I do keep in mind that about a quarter of my readers are nonbelievers and I try to make even the religious posts valuable for them in some way as well. I haven't forgotten you're there.
Hymn-writing became less the province of professional musicians and lyricists only. The Wesleys, for example, were educated men who had received training in both verse and music, but did not see themselves primarily in as hymn-writers. In the 19th C the field became even less professional, especially in egalitarian America, and the words of the less-educated became popular in many religious settings.
I mentioned in the first hymnody post that non-literate cultures often develop call-and-response music, where a leader will sing a complicated line that the group echoes, or sings a patterned response. This is common in African-American spirituals, e.g. Michael Row the Boat Ashore, Swing Low Sweet Chariot, and Amen. Camp Meeting/Revival songs use something like this as well - though the echoes will be mid-line - in a slightly more complicated verse-chorus structure (To God Be The Glory, There Is Power In The Blood) That’s why you learned them at camp, where they didn’t want to be handing out song sheets every fifteen minutes, and the little kids couldn’t read well anyway. This also reduces the need for accompaniment, which is why spirituals are the absolute best music for singing in the shower – they were composed for voice-only. (If you haven’t tried this, you should. NO-body knows the TROUble I’VE SEEN…)
People’s music tends to extremes for rhythm, the slow ones being highly free-form – the spirituals Were You There, O What a Beautiful City and the Camp Meeting The Old Rugged Cross, while the quicker pieces are heavy – very heavy…headache-producing heavy – on the bass and percussion. You can tell a late-19th C Baptist hymn in the first three powerful bangs on the piano. Stand Up, Stand Up For Jesus, On-ward Chris-tian So-o-ol-diers. The African-Americans usually produced more tolerable versions of this pounding, but even they have burdened us with Jacob’s Ladder and Dry Bones.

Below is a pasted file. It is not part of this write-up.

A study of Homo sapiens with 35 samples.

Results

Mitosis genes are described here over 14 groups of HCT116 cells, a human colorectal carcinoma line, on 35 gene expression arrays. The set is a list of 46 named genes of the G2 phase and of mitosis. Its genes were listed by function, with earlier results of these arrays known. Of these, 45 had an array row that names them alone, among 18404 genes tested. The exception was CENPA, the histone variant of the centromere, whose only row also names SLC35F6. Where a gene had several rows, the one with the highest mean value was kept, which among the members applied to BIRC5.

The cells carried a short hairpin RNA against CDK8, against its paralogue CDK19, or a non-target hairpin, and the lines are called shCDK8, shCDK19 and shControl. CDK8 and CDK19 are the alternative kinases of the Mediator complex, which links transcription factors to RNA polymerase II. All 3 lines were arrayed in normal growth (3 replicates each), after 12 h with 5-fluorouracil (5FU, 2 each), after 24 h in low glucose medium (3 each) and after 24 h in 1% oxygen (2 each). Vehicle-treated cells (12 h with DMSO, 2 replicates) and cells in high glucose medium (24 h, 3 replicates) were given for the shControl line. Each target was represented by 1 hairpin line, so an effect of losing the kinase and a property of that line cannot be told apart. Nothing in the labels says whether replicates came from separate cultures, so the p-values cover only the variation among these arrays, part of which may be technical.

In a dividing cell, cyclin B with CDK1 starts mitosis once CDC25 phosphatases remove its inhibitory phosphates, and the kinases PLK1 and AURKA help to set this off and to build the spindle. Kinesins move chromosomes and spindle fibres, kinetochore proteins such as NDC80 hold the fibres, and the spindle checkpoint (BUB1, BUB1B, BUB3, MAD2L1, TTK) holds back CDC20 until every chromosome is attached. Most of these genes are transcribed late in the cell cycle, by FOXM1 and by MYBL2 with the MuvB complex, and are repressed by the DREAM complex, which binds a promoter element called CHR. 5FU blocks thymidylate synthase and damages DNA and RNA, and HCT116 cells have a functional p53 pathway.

You may have noticed the imagery is quite different in these people’s musics. Soldiers, boats, ladders, bones – what’s with that? Bible characters and places you never hear about unless you spend a lot of years in Sunday School: Ezekiel, Silas, Jericho, Gilead. It’s the fascinating stuff you get when you have people just latching on to what catches their fancy in the faith, without regard to any systematic theology or overarching narrative.
The images may be varied, but the themes are few: life is hard, but I’m going to heaven, is recurrent. Jesus cares for you and wants you back; get saved – now; Jesus is loyal to you, be loyal to Him. An interesting twist is how often Papa’s and (especially) Mama’s faith is mentioned. When I get to heaven I’m going to see Mama. This becomes especially pronounced in bluegrass gospel music, a later people’s music derived from the earlier. Will The Circle Be Unbroken, Mother Called My Name In Prayer. In a mobile population, often cut off from familiar places and people, the closest family relationships loomed large in the imagination. With a life expectancy around 40-45 and death coming by surprise more often than not, people strip down what they cling to pretty severely: Mom, Jesus, Heaven. We think of it as unsophisticated; for them it was emotional survival. Our condescension comes from our comfortable lives. Not a lot of time for theology in their lives, folks.
An additional note on African-American spirituals: rivers had a dual meaning. Going over Jordan meant dying and going to heaven, but crossing the Ohio River meant getting to freedom in this life. Who’s that yonder dressed in red? Red lantern on the opposite shore. Must be the children that Moses led. Safe to go on. Who’s that yonder dressed in black? No light on the opposite shore. Must be the hypocrites turning back. Go back. Not safe.